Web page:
Council’s failed to stop gay paedophiles abusing children


Ian Wathey, 40, and Craig Faunch, 32, from Pontefract in West Yorkshire, were jailed in June 2006 for five and six years respectively for abusing four boys in their care.

The report, published yesterday, made 41 recommendations and said that both Wakefield council staff and the fostering panel were to blame for not protecting children.

“It is clear that these foster carers proved challenging to a number of professional staff, some of whom were ill-equipped for the task of working with them and supervising them,” said investigators, led by a former head of Surrey social services.

“The fear of being discriminatory led them to fail to discriminate between the appropriate and abusive.”

Social services managers ignored guidance on fostering placements and child protection, the inquiry found.

At their trial at Leeds Crown Court last year it was revealed that suspicions about Wathey and Faunch’s suitability as foster parents had been aroused after a picture of one of their victims urinating was discovered.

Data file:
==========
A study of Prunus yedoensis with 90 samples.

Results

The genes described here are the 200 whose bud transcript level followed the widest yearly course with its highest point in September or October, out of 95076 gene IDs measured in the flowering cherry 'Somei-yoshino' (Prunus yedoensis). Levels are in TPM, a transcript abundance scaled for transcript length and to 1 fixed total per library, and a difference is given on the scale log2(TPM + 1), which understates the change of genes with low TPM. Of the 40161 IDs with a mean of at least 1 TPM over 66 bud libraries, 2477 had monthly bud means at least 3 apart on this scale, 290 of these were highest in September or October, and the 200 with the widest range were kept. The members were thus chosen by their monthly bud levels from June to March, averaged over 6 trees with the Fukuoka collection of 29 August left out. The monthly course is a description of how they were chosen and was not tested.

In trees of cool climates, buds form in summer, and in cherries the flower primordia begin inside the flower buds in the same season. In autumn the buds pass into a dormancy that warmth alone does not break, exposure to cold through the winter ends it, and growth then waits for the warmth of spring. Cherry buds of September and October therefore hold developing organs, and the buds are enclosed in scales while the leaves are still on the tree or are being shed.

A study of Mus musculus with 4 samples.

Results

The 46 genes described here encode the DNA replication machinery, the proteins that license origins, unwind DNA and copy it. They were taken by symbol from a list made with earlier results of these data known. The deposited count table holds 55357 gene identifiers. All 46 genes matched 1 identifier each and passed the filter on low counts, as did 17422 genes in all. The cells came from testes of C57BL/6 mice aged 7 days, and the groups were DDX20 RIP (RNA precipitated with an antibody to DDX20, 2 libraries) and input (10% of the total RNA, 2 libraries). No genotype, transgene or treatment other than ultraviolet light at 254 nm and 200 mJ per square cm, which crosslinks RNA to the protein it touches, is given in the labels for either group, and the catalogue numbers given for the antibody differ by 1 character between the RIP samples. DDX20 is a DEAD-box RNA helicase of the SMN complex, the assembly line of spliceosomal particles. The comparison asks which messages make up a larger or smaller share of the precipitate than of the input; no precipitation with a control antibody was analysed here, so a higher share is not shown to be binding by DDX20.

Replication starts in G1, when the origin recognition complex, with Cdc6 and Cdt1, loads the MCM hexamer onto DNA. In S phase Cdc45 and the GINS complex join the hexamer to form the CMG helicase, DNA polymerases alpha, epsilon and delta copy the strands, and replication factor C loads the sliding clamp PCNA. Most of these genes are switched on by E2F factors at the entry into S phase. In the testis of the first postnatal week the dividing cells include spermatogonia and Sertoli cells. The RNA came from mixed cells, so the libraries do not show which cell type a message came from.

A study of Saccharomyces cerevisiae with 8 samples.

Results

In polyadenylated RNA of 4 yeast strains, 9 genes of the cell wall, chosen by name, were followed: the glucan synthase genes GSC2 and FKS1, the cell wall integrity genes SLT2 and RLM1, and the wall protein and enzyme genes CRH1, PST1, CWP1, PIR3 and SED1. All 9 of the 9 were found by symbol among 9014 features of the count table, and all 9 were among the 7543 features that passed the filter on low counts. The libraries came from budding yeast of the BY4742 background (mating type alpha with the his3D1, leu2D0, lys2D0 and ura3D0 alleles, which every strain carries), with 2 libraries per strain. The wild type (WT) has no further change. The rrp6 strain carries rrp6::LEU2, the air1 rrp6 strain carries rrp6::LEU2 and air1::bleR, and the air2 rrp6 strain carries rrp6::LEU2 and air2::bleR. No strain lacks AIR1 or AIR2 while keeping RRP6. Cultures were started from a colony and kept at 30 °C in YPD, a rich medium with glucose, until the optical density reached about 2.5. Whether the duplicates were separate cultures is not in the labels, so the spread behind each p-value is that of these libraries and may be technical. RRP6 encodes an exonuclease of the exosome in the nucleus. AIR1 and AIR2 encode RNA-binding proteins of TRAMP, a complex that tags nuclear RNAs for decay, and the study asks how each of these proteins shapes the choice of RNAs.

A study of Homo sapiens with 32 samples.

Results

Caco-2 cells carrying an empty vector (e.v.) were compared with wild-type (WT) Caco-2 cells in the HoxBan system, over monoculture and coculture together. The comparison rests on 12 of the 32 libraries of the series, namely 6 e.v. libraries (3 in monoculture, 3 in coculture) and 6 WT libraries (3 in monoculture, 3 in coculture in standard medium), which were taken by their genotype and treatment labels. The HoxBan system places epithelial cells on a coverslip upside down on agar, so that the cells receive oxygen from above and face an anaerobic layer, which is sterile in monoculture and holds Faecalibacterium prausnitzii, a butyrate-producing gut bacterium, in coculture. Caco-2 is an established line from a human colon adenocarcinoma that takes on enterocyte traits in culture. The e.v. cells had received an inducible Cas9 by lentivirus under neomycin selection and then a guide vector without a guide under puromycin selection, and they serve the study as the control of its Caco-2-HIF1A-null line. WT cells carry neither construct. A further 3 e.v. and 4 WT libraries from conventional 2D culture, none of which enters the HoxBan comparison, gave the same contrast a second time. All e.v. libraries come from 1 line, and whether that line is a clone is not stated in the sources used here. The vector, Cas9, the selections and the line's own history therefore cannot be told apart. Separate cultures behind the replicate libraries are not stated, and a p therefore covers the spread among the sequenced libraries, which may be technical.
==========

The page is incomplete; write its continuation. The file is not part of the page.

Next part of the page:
The picture was dismissed by social workers as “silly.”

The judge said it was “incredible” that the police were not informed earlier.

The couple were approved by social services in 2003, but used their position within months to video and perform sex acts on troubled boys, the jury heard.

Police intervened when a boy complained about Mr Faunch abusing him three times.

A total of 18 children were placed with Wathey and Faunch between 2003 and 2005, in spite of allegations about the first two children they fostered.

“People have let political correctness get in the way of good practice and common sense and children have been abused. It is totally inexcusable,” Michele Elliott, director of charity Kidscape, told The Sun.

The head of family services at Wakefield council welcomed the report and said its recommendations would be used to improve fostering services.